The White House press office did not respond to multiple requests for comment.
Right-wing extremists — a catchall category for a messy constellation of neo-Nazis, white nationalists, crypto-fascists, nihilists and attention-seeking trolls — vary widely in style and ideology. Some congregate out in the open, on forums like 4chan and Reddit as well as public platforms like Gab, the Twitter-like social network used by the suspect in the Pittsburgh synagogue shooting. Others communicate in private channels on Discord, a chat platform, or over encrypted messaging apps like Telegram or Wire. Some are ardent supporters of Mr. Trump, while others oppose him on the grounds that he is not extreme enough.
What they have in common is a feeling of empowerment — a sense that the boundaries of acceptable speech are widening in the Trump era, and a suspicion that when they talk, Mr. Trump, or those with access to him, may be listening.
Even small phrases can set off speculation. Last month, when Mr. Trump tweeted an unfounded accusation that left-wing protesters outside the confirmation hearings for Justice Brett M. Kavanaugh were “paid for by Soros and others,” some extremists took it as evidence that the president shared their view of a global Jewish-led conspiracy led by Mr. Soros, a leading donor to many liberal causes.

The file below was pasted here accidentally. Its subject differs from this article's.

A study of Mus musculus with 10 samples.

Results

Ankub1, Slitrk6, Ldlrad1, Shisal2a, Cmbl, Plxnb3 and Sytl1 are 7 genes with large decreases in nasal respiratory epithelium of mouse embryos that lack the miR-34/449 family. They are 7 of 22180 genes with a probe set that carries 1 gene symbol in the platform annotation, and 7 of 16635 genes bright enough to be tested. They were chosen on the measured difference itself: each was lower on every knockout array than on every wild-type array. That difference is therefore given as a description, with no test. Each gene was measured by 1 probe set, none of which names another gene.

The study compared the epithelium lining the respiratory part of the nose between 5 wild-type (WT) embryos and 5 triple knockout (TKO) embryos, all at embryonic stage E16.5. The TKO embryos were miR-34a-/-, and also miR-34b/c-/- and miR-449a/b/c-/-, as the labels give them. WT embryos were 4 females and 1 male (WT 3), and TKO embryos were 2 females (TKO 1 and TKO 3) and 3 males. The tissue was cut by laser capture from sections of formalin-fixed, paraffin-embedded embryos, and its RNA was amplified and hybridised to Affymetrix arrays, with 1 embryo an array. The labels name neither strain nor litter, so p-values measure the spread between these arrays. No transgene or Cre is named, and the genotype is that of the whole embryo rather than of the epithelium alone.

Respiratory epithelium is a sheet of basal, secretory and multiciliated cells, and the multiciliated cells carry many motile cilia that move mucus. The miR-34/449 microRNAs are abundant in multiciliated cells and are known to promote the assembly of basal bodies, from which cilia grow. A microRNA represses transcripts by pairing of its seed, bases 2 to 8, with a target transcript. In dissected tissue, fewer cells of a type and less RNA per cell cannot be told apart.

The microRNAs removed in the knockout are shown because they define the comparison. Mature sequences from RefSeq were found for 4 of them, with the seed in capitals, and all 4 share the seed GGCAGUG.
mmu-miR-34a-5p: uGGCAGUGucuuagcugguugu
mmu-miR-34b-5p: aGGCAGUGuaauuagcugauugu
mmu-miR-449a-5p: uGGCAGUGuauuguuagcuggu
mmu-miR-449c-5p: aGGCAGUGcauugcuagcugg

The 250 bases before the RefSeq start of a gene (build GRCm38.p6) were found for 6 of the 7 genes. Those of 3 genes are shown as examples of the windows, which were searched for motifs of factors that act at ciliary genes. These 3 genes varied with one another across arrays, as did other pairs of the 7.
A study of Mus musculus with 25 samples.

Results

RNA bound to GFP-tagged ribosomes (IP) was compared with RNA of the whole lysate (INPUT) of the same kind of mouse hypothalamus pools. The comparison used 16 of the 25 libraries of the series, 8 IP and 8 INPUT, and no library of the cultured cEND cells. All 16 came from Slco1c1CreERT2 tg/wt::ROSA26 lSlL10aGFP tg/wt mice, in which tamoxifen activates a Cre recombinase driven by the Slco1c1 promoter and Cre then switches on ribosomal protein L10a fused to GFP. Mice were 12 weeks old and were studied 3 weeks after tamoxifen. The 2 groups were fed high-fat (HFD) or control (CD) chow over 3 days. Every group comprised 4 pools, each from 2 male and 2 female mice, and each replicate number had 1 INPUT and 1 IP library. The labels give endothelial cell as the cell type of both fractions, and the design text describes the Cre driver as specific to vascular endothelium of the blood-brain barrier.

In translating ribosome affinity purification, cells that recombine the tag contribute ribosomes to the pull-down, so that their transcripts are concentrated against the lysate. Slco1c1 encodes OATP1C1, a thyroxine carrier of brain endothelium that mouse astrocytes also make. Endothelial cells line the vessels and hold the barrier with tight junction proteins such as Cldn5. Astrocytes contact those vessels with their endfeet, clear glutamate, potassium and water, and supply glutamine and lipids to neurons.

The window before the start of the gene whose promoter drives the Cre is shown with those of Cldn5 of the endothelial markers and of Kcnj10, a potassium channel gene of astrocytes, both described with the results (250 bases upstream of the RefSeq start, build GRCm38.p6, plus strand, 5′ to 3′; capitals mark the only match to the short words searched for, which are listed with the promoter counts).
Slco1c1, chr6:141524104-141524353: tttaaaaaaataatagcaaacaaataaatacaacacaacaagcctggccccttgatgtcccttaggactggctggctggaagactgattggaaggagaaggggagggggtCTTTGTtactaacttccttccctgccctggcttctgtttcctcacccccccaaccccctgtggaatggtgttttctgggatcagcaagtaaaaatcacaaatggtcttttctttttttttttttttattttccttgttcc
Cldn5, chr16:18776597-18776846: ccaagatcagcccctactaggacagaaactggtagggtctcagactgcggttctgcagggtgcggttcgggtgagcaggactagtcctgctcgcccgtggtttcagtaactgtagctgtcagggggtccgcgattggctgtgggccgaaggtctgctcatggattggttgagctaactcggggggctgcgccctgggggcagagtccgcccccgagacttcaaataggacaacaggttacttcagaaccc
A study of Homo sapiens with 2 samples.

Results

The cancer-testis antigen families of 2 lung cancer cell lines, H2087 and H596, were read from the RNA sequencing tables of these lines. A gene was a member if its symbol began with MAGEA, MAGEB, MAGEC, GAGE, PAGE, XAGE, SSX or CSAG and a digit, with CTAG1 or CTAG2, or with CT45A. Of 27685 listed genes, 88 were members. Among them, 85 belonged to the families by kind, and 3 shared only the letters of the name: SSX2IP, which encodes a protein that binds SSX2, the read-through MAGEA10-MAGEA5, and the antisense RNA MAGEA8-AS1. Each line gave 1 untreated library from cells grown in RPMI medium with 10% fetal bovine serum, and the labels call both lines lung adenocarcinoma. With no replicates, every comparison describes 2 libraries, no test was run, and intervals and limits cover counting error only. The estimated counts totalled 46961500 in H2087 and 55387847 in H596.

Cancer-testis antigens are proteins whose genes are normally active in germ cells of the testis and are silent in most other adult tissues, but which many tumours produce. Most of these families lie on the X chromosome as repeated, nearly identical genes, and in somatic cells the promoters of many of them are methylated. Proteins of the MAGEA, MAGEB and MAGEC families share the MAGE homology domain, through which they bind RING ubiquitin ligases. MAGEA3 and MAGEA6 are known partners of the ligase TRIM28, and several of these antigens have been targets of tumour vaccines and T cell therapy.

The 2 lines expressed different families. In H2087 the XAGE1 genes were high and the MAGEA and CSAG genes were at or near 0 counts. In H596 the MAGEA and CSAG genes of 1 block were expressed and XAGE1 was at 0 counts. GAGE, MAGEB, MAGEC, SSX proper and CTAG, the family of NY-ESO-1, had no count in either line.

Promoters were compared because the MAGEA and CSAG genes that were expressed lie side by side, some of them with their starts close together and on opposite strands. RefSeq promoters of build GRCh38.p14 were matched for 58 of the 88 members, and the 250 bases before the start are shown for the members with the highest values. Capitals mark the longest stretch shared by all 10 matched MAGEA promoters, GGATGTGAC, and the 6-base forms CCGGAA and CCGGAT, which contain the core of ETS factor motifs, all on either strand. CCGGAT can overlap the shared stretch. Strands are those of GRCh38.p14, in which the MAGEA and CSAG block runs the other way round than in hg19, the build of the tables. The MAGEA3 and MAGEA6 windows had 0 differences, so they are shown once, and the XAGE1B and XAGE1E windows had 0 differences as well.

“Trump has officially named the Jew,” wrote one user on 4chan. “Trump knows,” wrote another, who said that the “others” Mr. Trump referred to in his tweet might be a sly reference to other shadowy Jewish benefactors.
These extremists’ sense of influence is almost certainly exaggerated. Mr. Trump, who has Jewish family members including his daughter, has said nothing about Mr. Soros’s religion or a larger Jewish conspiracy. And it is unlikely that the president, who has said that he does not use a computer, is wading through obscure message boards in search of talking points.
But that hasn’t stopped those extremists from interpreting his words as a signal that the president shares their views.
It is difficult to quantify how many right-wing extremists exist in America — many operate anonymously or pseudonymously online, and few real-world gatherings take place. But some private channels for neo-Nazis and other extremist groups have thousands of members, and more mainstream right-wing spaces — such as a pro-Trump Reddit forum, r/the_donald, which has more than 600,000 members — have amplified extremist messages.